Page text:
The National Glass Centre in Sunderland hosts The Oliver Goldsmith Collection of glamorous spectacles, as Barbara Hodgson reports

Audrey Hepburn wearing Bude by Oliver Goldsmith Ltd in How to Steal a Million
Audrey Hepburn wearing Bude by Oliver Goldsmith Ltd in How to Steal a Million

They can make a statement or they can help you fade into the background. Rapper Tinie Tempah confesses that as soon as he takes his off, nobody recognises him.

They can also make or break an outfit. And it goes without saying that for millions they add clarity to life.

We’re talking, of course, about spectacles.

Love them or loathe them - and these days there’s more of a love affair going on - glasses, sometimes several pairs, are essential for most people.

Many of us might simply pack a pair of sunglasses for holidays but for the myopic masses who can’t get away with contact lenses, or those starting to struggle at a certain age with near vision, they can be an everyday necessity. Which makes it even more frustrating when they go missing just at the point we’re handed a menu to read.

But we’ve come a long way since the days when being handed a prescription for less than 20:20 vision was a cause of school-day dread, inspiring such insults as four-eyes and rhymes about passes and girls in glasses.

Not only are those pink and blue National Health glasses a thing of the past but everybody now knows that wearing glasses is cool. And just about everybody is doing it.

For many in the public eye they’re a trademark: think Janet Street Porter’s wacky look, while it was in a recent TV interview that the previously-mentioned Tinie Tempah told how he loses his identity when he takes off his heavy black statement frames.

National Glass Centre Spectacular eyewear on display at the National Glass Centre in Sunderland
Spectacular eyewear on display at the National Glass Centre in Sunderland

And where would Dame Edna Everage be without those flamboyant cat-eyes? It’s got to the stage where she no longer has to feature in promotional pictures. A picture of those specs is all the advertising you need.

So it will be sad to see the last of them as the grand dame bows out on her current farewell tour which is bringing her to the Theatre Royal in Newcastle later this month.

At the other end of the scale from Dame Edna’s questionable taste, eye wear can be the very height of sophistication.

And who is it that we have to thank for turning the humble specs into a must-have fashion accessory?

Well it’s all due to designers such as the famed Oliver Goldsmith whose far-sighted vision over generations will be revealed this month in a new exhibition at the National Glass Centre in Sunderland.

The Oliver Goldsmith Collection, opening on January 18, will feature spec-tacular Goldsmiths from across the decades, with some of Hollywood’s leading stars in the frame.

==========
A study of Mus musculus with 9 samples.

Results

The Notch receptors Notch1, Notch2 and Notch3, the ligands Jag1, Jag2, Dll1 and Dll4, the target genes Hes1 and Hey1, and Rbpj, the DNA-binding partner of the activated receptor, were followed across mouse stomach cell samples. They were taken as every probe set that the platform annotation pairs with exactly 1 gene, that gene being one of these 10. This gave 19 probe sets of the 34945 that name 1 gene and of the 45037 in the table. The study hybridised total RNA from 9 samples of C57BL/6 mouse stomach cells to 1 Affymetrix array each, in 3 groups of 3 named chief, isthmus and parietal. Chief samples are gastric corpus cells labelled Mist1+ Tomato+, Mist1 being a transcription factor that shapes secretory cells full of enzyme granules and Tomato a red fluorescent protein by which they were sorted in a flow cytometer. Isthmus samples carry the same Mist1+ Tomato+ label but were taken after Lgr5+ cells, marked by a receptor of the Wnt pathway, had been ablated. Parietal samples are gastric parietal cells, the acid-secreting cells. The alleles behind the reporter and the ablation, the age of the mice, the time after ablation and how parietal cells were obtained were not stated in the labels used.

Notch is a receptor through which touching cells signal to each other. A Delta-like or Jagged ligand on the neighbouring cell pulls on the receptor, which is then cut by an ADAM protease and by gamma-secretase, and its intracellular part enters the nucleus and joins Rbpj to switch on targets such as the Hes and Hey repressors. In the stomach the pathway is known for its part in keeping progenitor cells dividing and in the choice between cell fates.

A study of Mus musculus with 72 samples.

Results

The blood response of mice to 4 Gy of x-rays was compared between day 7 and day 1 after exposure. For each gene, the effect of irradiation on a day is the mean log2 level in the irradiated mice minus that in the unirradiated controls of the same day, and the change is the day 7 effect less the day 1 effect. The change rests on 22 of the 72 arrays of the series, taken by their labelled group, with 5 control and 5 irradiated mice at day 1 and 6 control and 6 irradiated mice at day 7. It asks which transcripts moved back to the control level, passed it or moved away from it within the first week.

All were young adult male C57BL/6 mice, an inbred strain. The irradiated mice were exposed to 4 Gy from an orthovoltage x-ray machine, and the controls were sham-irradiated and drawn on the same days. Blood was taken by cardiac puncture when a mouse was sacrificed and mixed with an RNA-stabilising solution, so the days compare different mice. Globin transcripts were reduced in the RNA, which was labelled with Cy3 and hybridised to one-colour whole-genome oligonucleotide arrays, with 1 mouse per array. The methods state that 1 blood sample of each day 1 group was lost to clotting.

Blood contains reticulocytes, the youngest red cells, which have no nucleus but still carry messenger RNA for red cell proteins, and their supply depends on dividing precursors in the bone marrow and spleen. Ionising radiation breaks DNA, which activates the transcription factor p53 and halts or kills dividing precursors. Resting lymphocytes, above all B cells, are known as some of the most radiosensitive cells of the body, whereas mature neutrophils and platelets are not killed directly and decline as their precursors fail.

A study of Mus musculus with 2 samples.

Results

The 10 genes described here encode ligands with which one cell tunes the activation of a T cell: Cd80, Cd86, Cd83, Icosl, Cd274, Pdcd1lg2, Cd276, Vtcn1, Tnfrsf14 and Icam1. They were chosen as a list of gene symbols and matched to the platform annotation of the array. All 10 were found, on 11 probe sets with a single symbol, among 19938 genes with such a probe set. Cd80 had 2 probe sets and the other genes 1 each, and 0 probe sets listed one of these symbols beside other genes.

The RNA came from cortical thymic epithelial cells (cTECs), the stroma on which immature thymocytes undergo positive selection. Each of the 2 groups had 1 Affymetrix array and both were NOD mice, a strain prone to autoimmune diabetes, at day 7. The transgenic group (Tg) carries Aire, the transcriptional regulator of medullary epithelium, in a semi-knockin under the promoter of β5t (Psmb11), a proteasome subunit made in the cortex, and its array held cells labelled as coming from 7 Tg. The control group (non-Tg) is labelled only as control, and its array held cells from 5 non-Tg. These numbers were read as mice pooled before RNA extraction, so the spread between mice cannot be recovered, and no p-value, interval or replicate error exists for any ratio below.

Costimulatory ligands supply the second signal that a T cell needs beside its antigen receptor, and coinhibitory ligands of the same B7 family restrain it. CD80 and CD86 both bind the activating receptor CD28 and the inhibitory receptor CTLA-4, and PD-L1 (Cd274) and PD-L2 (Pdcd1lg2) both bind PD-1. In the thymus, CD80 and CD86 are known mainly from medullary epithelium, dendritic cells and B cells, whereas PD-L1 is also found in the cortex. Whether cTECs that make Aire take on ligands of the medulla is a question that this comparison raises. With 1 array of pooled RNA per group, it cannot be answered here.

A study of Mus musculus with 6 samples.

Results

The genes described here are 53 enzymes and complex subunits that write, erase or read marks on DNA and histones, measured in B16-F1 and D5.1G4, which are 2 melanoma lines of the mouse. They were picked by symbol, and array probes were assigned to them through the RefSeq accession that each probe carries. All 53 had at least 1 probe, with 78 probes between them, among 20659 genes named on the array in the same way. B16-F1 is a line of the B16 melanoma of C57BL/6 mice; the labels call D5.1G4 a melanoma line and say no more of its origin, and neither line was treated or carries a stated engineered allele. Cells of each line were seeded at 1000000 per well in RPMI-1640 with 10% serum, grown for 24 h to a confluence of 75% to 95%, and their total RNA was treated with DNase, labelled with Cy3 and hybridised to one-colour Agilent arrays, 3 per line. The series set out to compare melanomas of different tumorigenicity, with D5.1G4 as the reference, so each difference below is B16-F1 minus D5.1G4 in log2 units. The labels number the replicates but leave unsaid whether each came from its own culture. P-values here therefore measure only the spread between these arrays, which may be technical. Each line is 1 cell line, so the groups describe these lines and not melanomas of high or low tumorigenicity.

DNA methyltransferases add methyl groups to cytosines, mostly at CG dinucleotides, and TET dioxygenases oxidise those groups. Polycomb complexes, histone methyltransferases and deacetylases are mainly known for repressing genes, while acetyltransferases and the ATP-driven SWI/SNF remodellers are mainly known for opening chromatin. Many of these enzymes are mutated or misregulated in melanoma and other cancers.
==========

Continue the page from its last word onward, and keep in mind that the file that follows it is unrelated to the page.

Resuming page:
At the height of movie star glamour in the 50s, Oliver Goldsmith Ltd Spectacles and Sunglasses was the designer company of choice when it came to eyewear.

From its humble beginnings as a family-run firm, selling its first specs in 1926 (hand-made from one single piece of real tortoiseshell), the British company made the most of high-end manufacturing technology to turn out innovative styles that appealed to celebrities ranging from Grace Kelly to Peter Sellers.

It was soon working with fashion houses such as Dior, Givenchy and Vidal Sassoon on frame designs to complement their changing seasonal collections.

The exhibition will feature images of, for instance, the effortlessly chic Audrey Hepburn, looking as eye-catching as ever in a pair of white Goldsmith’s in a photograph taken in Paris in 1965 during filming of How To Steal A Million; and fellow Brit actor Michael Caine, striking a mean and moody pose: their iconic looks established thanks to their choice of eye-wear.

The Goldsmith company is still going strong, currently run by the third generation of Olivers who joined his family tradition in 1960 and is credited with the famous John Lennon “granny glasses”.

Other public figures to choose the company’s designs include Dusty Springfield, the late Princess Diana and Cilla Black.

As the current Mr Goldsmith says, his reputation for “quality, elegance and comfort” lies behind every frame produced and it’s that kind of vision that has set the standards for today’s glasses-wearing trend-setters.

The Oliver Goldsmith Collection will chart the successful company over its generations and runs at National Glass Centre, Sunderland, from January 18 until May 6. Visit www.nationalglasscentre.com

Dame Edna’s show Eat, Pray, Laugh is at the Theatre Royal in Newcastle from January 21-25.